Ending an association's incorporation
When a decision is made to cease its activities, the association needs to terminate any agreements, pay its debts and distribute the remaining surplus property. The Act enables an association’s affairs to be finalised depending on the particular circumstances. This includes:
- voluntary cancellation (with or without assets);
- voluntary winding up, applying the relevant parts of the corporation law; or
- winding up by order of the Supreme Court.
An incorporated association can only apply for voluntary cancellation if it is solvent (having sufficient assets to pay all of its debts and liabilities) and it resolves by special resolution to be cancelled voluntarily.
Voluntary cancellation without assets
If an association does not have any property, assets or debts it can be cancelled voluntarily by completing the following steps:
- The management committee examines the affairs of the association and declares by resolution that it is of the opinion there are no outstanding debts or surplus property.
- Convene a general meeting of members and pass a special resolution to apply for voluntary cancellation (see Altering the Rules for information about special resolutions).
- Submit the application for voluntary cancellation to Consumer Protection using AssociationsOnline.
If the Commissioner for Consumer Protection considers it appropriate the association’s incorporation is cancelled. The cancellation takes effect from the date determined by the Commissioner and will be confirmed in writing to the applicant.
Voluntary cancellation with assets
If the association has assets or surplus property there are additional steps that must be completed in order to be voluntarily cancelled. Surplus property refers to any assets of the association that remain after the payment of its debts or liabilities. An association’s surplus property may only be distributed to:
- another association registered under the Associations Incorporation Act 2015 (WA);
- a company limited by guarantee registered under the Corporations Act 2001;
- an organisation that holds a current licence under the Charitable Collections Act 1946;
- an organisation that is a member or former member of the association and whose rules prevent the distribution of property to its members; or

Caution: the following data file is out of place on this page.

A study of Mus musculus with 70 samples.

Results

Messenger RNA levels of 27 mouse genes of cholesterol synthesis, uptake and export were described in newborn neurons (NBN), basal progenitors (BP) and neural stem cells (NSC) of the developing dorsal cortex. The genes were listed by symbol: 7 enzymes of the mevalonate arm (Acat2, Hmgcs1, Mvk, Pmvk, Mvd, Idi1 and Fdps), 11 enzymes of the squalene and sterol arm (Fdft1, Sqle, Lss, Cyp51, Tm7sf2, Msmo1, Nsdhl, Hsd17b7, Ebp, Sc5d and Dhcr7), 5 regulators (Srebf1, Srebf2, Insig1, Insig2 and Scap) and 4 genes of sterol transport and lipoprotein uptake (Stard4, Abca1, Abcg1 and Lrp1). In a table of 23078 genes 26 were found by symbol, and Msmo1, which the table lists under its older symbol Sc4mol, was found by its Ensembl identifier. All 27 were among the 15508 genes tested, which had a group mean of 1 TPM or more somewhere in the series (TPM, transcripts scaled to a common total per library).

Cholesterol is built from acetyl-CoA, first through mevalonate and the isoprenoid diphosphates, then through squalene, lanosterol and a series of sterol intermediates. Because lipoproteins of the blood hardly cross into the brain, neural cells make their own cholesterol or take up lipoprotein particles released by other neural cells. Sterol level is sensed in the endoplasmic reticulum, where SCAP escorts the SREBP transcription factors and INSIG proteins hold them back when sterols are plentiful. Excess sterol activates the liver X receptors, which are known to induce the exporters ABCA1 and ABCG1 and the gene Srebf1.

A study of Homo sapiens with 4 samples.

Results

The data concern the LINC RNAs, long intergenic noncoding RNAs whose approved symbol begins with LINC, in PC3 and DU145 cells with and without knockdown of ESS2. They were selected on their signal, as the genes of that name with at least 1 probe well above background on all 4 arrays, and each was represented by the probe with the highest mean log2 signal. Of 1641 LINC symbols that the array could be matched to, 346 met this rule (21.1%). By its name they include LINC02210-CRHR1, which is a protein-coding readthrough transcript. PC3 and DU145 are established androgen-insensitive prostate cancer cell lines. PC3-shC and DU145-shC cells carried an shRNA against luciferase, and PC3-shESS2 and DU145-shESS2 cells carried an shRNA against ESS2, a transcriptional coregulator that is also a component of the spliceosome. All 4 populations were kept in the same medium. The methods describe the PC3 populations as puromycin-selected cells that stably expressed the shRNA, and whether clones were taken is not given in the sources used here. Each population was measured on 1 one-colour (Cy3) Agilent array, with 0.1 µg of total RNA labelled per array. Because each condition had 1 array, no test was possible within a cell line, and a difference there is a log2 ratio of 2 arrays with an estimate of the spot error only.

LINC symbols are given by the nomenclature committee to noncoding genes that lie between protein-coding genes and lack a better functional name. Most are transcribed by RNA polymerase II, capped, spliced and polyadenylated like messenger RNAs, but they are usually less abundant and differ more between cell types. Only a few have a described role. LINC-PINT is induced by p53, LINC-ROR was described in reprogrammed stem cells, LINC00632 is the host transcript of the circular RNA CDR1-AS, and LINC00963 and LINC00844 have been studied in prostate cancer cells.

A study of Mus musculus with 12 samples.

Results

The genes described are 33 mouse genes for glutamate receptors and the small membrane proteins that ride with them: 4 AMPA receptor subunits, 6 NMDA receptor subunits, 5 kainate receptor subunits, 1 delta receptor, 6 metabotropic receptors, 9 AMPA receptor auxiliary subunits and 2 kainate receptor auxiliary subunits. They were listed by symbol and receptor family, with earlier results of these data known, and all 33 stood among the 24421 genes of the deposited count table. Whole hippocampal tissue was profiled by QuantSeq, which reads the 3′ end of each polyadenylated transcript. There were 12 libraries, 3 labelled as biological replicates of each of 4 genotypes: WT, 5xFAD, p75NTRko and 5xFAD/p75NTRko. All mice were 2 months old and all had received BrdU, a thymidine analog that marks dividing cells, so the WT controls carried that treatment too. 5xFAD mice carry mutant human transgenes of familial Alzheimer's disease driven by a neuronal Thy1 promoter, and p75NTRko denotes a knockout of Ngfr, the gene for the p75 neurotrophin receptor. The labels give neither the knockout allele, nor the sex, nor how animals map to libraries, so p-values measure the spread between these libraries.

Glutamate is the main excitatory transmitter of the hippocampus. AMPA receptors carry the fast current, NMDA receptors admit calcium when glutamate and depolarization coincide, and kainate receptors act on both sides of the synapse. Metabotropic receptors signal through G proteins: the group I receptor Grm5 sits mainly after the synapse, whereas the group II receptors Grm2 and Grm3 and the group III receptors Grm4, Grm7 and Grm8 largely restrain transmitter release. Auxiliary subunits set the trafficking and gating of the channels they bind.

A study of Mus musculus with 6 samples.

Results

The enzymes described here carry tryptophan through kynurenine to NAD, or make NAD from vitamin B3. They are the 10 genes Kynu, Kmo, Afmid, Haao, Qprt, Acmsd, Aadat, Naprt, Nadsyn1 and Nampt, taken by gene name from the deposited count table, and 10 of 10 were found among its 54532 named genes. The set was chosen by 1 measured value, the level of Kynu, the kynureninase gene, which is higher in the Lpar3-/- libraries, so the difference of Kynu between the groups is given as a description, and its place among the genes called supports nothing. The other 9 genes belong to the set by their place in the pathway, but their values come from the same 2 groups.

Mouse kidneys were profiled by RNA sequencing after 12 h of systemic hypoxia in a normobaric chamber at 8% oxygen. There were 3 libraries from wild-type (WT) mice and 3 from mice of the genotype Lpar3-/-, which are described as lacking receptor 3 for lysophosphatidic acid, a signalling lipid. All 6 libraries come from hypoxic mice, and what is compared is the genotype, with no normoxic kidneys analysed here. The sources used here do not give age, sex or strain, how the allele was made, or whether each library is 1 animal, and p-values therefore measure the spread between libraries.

- a non-distributing co-operative registered under the Co-operatives Act 2009.
An association with assets can voluntarily cancel its incorporation by completing the following steps:
- The management committee examines the affairs of the association and declares by resolution that it is of the opinion the association can meet its debts and liabilities.
- Prepares a draft plan detailing how the surplus property will be distributed include the intended beneficiaries and an estimate of the value of the property.
- Convene a general meeting of members and pass special resolutions confirming that members wish to apply for voluntary cancellation and approving the plan for the distribution of the surplus property.to apply for voluntary cancellation (see Altering the Rules for information about special resolutions).
- Within 28 days after the special resolution has been passed submit the application for voluntary cancellation to Consumer Protection using AssociationsOnline.
- The distribution plan will be approved in writing by the Commissioner for Consumer Protection.
- Once approved, implement the distribution plan and notify Consumer Protection when the process has been completed.
The cancellation of the association will take effect from the date determined by the Commissioner and is confirmed in writing.
Cancellation of an incorporated association by the Commissioner
The Act provides the Commissioner for Consumer Protection with discretion to cancel an incorporated association where there is cause to believe that the association, among other things, has been inoperative for at least 12 months or has fewer than six members.
Where the incorporation of an association has been cancelled, any property of the association vests in the State and the Commissioner can distribute the property in accordance with the Act. Depending on the circumstances, former members of the defunct association may have little say in how such property is distributed, although efforts are generally made to contact the most recent committee.
Reporting defunct or disbanded associations and clubs
If you are aware of an association that is defunct but has not been cancelled, please use the online form to report the association to Consumer Protection.
An association may choose to wind-up rather than applying for cancellation if it has difficulties identifying or locating assets, is a party to legal proceedings or has any outstanding contractual obligations or disputed debts.
Where the financial affairs of an association are complex, winding up allows the association to appoint a liquidator to manage the process of finalising its financial affairs. It also provides a level of protection for the committee and members in the event of any subsequent claim against the association.
There are also certain circumstances where an association is forced to wind-up by order of the Supreme Court. An application to the Supreme Court to wind up an incorporated association can be brought by the association, a member of the association, the Commissioner, the Minister, or a creditor. This can be a complex and costly process and anyone considering making an application should seek their own legal advice.